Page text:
What is the relationship between innovation and faculty development? In the past we have discussed it in the abstract, but this time we’d like to demonstrate how being able to employ creative thinking effectively provides centers of teaching and learning (CTLs) with a huge advantage over non-users.
The General Problem
For the past few years we have been offering various programs—noted speakers, workshops, and professional learning communities—to help the faculty with non-disciplinary professional development in primarily pedagogy, technology, and scholarship. Over the years, through experience and research, we have learned some valuable lessons. One, one-shots (e.g., a PowerPoint presentation on how a faculty member flipped her classroom) don’t have long-lasting value. Two, faculty feel so time-constrained by all their responsibilities that they find it difficult to attend CTL sessions they admit would be helpful.
The Process Begins
The problem, then, demands a solution that ensures continuity and delivery. For that solution, we started with something we had written about in our Introduction to Applied Creative Thinking (New Forums, 2012), creative thinking strategies—Collaborations involving Brainstorming sessions with the three of us (Charlie, Hal, and Rusty), our Faculty Innovators, and a representative campus group. An early revelation was that professional development, like detergents in your washing machine, is best delivered through concentration, but the major insight was the need for an online professional development system (OPDS).
Through Pattern Recognition, the campus group eventually figured out that video-gaming provided an excellent model for professional development. Faculty could proceed up a hierarchy of four levels, progressing from Learner to Practitioner to Advocate to Scholar. Each level offered not only complexity, but roughly paralleled Bloom’s Taxonomy. Now, since all faculty need differing areas of development, we began the system by developing four-level modules in Flipping the Classroom, the Scholarship of Teaching and Learning, Critical and Creative Thinking, and the Foundations of Pedagogy. Later, when the workgroup decided it needed a test module, it selected a basic, hot-button issue on campus, metacognition, which meant we had to create a fifth module.
The Stumbling Block
Creating the four-level metacognition module appeared relatively easy at first. After all, one of our group members, Matt (also our Faculty Innovators Coordinator), had developed a template for the first module, Flipping the Classroom, which meant essentially we just followed the template. As we built the module and prepared to hand it off to an instructional designer who would translate it to our campus course management system, Blackboard, however, we stumbled. Reading over what we had written and essentially kept on replicating didn’t make sense. We started asking unanswerable questions such as:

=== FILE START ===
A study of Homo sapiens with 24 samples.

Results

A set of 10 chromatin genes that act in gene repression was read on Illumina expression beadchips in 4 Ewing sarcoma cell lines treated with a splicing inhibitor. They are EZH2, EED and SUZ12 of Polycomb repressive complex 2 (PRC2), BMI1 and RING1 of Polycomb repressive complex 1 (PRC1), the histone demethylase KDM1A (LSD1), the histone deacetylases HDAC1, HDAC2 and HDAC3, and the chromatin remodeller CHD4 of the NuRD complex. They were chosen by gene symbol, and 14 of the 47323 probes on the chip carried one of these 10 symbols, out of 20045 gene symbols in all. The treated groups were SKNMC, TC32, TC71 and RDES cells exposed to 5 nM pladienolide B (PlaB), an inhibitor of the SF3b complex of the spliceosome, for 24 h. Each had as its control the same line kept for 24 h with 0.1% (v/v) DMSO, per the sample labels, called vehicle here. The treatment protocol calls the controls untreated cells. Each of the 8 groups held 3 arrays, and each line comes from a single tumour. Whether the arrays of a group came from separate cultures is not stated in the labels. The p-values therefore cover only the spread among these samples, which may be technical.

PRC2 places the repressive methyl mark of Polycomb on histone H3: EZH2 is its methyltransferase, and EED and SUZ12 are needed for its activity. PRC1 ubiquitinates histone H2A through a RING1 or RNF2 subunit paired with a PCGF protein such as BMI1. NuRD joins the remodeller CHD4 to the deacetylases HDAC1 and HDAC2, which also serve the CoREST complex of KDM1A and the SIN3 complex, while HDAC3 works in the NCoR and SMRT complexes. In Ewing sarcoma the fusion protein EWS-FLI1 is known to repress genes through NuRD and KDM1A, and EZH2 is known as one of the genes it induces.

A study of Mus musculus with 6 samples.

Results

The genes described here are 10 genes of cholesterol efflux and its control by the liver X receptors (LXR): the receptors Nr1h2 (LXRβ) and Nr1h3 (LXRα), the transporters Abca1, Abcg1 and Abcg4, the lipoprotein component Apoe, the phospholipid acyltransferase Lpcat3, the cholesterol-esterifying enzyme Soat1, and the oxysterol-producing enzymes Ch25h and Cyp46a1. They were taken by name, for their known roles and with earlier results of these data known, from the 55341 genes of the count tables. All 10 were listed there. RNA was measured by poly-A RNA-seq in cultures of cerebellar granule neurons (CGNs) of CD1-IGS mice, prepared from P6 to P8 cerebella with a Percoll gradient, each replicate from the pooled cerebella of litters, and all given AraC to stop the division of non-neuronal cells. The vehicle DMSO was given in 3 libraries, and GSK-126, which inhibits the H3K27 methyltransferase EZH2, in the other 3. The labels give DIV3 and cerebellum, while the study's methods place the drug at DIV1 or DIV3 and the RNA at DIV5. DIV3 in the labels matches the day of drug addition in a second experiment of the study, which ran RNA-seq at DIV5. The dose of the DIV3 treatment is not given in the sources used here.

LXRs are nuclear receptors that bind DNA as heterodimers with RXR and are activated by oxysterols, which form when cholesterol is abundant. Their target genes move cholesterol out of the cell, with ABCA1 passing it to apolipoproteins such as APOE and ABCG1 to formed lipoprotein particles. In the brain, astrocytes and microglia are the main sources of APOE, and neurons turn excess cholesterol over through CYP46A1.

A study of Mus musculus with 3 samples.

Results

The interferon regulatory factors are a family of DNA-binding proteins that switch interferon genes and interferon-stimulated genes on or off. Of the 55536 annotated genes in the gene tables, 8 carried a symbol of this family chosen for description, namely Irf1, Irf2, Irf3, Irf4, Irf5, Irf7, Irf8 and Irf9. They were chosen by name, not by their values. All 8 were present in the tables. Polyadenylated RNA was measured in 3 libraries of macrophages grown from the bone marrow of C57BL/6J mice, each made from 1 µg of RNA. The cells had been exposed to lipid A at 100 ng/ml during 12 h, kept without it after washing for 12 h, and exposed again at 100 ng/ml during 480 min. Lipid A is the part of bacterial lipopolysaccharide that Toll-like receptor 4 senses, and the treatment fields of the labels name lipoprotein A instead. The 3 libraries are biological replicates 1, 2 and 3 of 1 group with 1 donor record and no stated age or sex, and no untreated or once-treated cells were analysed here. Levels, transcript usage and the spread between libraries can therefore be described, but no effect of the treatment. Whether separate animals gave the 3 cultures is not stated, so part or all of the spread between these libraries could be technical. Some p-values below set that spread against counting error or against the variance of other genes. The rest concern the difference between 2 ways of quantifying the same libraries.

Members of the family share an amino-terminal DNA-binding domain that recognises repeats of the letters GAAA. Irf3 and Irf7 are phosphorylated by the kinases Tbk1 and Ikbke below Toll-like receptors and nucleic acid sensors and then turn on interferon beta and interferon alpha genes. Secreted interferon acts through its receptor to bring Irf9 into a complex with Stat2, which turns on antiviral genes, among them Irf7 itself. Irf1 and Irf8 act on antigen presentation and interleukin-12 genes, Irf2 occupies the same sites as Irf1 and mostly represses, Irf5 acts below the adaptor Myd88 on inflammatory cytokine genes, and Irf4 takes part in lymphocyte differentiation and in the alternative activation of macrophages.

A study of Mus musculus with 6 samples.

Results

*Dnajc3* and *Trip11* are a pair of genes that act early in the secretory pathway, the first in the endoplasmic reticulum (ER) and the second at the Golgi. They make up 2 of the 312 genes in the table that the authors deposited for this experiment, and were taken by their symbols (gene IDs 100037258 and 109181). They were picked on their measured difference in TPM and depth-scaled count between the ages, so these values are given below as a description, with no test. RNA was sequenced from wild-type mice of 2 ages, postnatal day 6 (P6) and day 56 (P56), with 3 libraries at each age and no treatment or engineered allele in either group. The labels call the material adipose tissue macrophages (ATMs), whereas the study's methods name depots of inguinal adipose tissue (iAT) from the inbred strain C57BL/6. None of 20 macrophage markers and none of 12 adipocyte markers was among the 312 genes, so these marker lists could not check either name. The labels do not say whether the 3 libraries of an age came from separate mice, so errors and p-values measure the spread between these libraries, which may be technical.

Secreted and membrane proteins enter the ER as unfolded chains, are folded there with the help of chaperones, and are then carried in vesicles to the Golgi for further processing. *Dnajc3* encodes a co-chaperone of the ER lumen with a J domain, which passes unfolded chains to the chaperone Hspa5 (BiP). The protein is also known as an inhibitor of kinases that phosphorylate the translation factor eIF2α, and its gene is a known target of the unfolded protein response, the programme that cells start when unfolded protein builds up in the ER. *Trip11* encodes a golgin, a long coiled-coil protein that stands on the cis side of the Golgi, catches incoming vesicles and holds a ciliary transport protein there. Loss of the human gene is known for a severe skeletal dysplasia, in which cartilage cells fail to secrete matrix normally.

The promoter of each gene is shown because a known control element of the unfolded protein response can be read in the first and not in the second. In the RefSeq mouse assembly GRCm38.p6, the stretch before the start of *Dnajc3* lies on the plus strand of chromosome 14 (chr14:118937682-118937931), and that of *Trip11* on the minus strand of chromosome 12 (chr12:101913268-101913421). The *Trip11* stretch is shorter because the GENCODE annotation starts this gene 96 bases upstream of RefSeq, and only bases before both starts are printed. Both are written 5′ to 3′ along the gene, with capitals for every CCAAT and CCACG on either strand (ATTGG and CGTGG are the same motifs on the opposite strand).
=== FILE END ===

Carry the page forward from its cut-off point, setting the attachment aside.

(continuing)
- What is the rationale for this OPDS?
- What kind of directions should a user follower?
- How would the faculty user submit abstracts, analyses, and applications of the fundamental and powerful concepts found in the modules’ basic readings and videos?
The Solution—A Creative Thinking Strategy
The solution was as close as a copy of our Introduction to Applied Creative Thinking. One of our so-called Nifty Nine creative thinking strategies was Perception Shift, which we claimed “involves looking at a person, idea, or situation from a new perspective” (p. 28). Essentially, our problem revolved around our thinking of professional development from the point of view of a professional developer, so what we had to do was shift our perspective to that of a faculty user.
Faculty needed to be provided with a rationale for taking up their busy time. They also had to be given explicit directions on how to use the OPDS, and the system had to be simple enough for them to use while complex enough to be useful. Again, we harkened back to the key definition that a creative idea had to be both novel and useful.
Just as authors occasionally switch the point of view so that key situations are apprehended from a different perspective, we found that as soon as we worked on the module from the point of view of the user, the module seemed to write itself. Thinking as a user, we asked ourselves what information faculty members would most like to possess at key junctures in the module. What questions would they ask? We even decided that providing a video guide on the side for the faculty member offered many advantages.
The irony is that we began as creative writers, and even as faculty developers we wrote quite a few books in New Forums’ “ACT Creativity Series,” yet when the going got tough, we almost forgot what we had written.
Ph.D Hal Blythe writes literary criticism to mystery stories. In addition to the eleven books he’s published with New Forums, Hal has collaborated on four books on a variety of subjects, over 1000 pieces of fiction/nonfiction, and a host of television scripts and interactive mysteries performed by their repertory company. He is currently co-director of the Teaching and Learning Center for Eastern Kentucky University. Meet Hal Blythe.